But history is as full of tragedy as triumph, and a Headingley man found himself at the heart of a far-reaching tragedy in Boston, Mass. last month.


Tim Turner was happy to have completed his second Boston Marathon on April 15, despite being hampered by shin splints.


"The Boston Marathon is like no other race that I have run. The Boston Athletic Association organizers, spectators and volunteers are phenomenal," he said.


The first year he’d attempted the event, hot weather slowed him down. "I figured that I’d take it easier this time," he said, and managed to beat his previous time on the 26.2 mile course.


He was in the family area waiting for his wife, Ramona, when the two bombs exploded about 2:50 p.m. The area was about two blocks from where the bombs exploded, but the noise was very loud.


There was a construction site nearby and Turner initially thought the explosions might have come from that location.


"I wasn’t really sure what was going on," he said.


However, he soon realized something serious had happened as police and emergency workers rushed toward the explosions.


Ramona had watched the race from a spot along the course, and was on her way to meet Turner. Cellphone service was disrupted, and for about two hours he and Ramona didn’t know where the other one was until they met at their hotel.


Turner, 45, belongs to The Forks Marathon group in Winnipeg, and was participating in the Boston Marathon with five group members. Most were accompanied by their spouses.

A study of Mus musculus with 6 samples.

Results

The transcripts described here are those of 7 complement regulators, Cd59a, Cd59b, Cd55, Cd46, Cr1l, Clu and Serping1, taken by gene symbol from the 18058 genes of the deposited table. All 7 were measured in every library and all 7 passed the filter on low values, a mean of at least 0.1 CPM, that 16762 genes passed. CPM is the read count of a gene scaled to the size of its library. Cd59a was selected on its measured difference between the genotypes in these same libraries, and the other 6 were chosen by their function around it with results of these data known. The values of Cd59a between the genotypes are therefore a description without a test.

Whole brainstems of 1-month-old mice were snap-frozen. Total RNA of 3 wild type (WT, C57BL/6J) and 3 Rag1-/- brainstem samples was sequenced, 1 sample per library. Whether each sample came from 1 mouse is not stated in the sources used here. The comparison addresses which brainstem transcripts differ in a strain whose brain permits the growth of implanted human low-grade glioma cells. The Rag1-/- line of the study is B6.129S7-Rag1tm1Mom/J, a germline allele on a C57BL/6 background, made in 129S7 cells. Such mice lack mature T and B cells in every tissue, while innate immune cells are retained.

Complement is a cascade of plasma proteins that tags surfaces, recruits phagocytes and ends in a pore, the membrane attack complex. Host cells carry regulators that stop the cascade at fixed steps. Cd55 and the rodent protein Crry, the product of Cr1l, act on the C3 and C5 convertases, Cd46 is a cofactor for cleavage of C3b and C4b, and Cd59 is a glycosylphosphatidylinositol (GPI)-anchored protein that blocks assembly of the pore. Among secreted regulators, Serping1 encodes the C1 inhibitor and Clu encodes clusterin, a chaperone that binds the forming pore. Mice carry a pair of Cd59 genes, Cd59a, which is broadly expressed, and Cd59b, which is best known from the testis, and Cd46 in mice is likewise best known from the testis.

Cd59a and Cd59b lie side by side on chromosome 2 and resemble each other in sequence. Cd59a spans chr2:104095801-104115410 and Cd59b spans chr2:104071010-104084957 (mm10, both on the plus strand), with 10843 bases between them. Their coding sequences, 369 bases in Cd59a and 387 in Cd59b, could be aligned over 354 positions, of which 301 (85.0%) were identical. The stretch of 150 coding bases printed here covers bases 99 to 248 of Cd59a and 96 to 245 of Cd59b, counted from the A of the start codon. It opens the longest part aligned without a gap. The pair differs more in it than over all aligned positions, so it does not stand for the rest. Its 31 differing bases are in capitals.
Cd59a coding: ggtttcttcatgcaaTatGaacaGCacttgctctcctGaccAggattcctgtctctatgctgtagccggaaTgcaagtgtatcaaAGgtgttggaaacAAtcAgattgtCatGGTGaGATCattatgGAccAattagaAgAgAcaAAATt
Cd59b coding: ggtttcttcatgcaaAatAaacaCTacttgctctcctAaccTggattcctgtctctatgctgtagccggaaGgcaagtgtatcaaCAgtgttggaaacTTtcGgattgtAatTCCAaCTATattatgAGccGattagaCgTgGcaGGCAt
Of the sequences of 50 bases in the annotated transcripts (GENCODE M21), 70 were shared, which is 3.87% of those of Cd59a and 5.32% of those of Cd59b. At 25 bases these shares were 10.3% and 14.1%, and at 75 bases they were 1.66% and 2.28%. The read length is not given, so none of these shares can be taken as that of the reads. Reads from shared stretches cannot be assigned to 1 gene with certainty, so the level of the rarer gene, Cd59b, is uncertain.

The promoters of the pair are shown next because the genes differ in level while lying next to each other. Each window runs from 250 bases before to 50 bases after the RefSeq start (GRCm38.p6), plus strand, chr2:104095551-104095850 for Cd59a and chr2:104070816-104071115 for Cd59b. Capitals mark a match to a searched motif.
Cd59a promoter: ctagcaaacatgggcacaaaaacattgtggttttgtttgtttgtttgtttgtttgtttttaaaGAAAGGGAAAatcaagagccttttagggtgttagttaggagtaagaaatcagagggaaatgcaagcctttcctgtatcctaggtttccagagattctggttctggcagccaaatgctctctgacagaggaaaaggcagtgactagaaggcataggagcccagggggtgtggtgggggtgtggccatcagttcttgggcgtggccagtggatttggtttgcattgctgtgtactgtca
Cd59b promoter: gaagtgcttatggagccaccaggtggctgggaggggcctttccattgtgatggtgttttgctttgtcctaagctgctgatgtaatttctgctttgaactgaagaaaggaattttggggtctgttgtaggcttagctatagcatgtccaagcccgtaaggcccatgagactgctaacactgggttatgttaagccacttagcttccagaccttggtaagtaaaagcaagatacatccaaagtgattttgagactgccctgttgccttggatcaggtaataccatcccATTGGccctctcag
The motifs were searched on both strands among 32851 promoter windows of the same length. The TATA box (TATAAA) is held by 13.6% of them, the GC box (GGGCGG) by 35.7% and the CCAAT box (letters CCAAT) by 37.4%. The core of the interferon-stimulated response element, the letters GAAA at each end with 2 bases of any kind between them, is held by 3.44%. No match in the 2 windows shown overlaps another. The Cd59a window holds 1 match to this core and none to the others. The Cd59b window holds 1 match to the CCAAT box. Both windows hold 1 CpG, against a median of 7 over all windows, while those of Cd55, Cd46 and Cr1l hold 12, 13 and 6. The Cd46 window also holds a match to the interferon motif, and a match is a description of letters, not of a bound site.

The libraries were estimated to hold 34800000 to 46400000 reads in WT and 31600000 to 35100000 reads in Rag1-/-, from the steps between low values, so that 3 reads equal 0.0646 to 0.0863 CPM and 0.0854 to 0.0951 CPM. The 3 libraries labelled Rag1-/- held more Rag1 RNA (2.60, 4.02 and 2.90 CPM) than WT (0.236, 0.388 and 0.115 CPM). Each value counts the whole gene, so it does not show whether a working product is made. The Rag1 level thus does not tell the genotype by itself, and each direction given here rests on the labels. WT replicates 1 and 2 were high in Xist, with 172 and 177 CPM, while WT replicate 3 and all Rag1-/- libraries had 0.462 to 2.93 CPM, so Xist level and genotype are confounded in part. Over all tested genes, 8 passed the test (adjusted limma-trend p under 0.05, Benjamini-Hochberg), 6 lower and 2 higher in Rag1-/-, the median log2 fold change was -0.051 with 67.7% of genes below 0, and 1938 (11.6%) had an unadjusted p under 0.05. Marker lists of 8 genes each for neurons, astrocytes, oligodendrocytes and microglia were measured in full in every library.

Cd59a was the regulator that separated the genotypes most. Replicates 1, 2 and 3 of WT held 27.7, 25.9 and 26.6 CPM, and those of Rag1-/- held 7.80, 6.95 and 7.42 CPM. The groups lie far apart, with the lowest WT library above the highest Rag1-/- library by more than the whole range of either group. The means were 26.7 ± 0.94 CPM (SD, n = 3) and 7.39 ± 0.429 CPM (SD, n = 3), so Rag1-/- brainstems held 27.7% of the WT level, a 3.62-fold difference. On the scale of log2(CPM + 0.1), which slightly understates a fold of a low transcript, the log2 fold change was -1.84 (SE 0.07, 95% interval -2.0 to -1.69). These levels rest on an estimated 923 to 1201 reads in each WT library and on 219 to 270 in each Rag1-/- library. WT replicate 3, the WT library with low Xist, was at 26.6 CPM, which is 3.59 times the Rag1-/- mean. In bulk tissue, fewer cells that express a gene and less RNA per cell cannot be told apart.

None of his running group members were injured, but one had just crossed the finish line and another was prevented from completing the race with just the final mile to go.


"When the twin bombs went off it was life-changing for so many in a multitude of ways. But the human spirit again kicked in, in a different way, with strangers helping strangers," Turner said, reflecting on the experience.


"From the EMS, firefighters, and police officers to the doctors, nurses and even fellow marathoners that gave without regard to their own safety to help with the wounded. Boston came together to fight back (against) terrorism."


 While returning to Winnipeg the next day, the Turners heard about the five kilometre run in Assiniboine Park organized to honour those killed and injured by the bombs. Ramona, who is also a runner, took part while Tim’s exhaustion and leg injuries prevented him from completing the run.


Turner grew up in Headingley and returned to the community with his family in 2005. He’s committed to an active lifestyle and added running to his exercise regime in 2009.


This year’s Boston Marathon was his 10th marathon, and he and Ramona plan to enter the Chicago Marathon in the fall.


"I, like I’m sure many other Canadians, will never fully understand the motive of the (bombers). But I am going to continue to live life to the fullest and hope to run Boston again in 2014 to fight terrorism, by again celebrating the human spirit and enjoying the day with thousands of other runners and spectators," Turner said.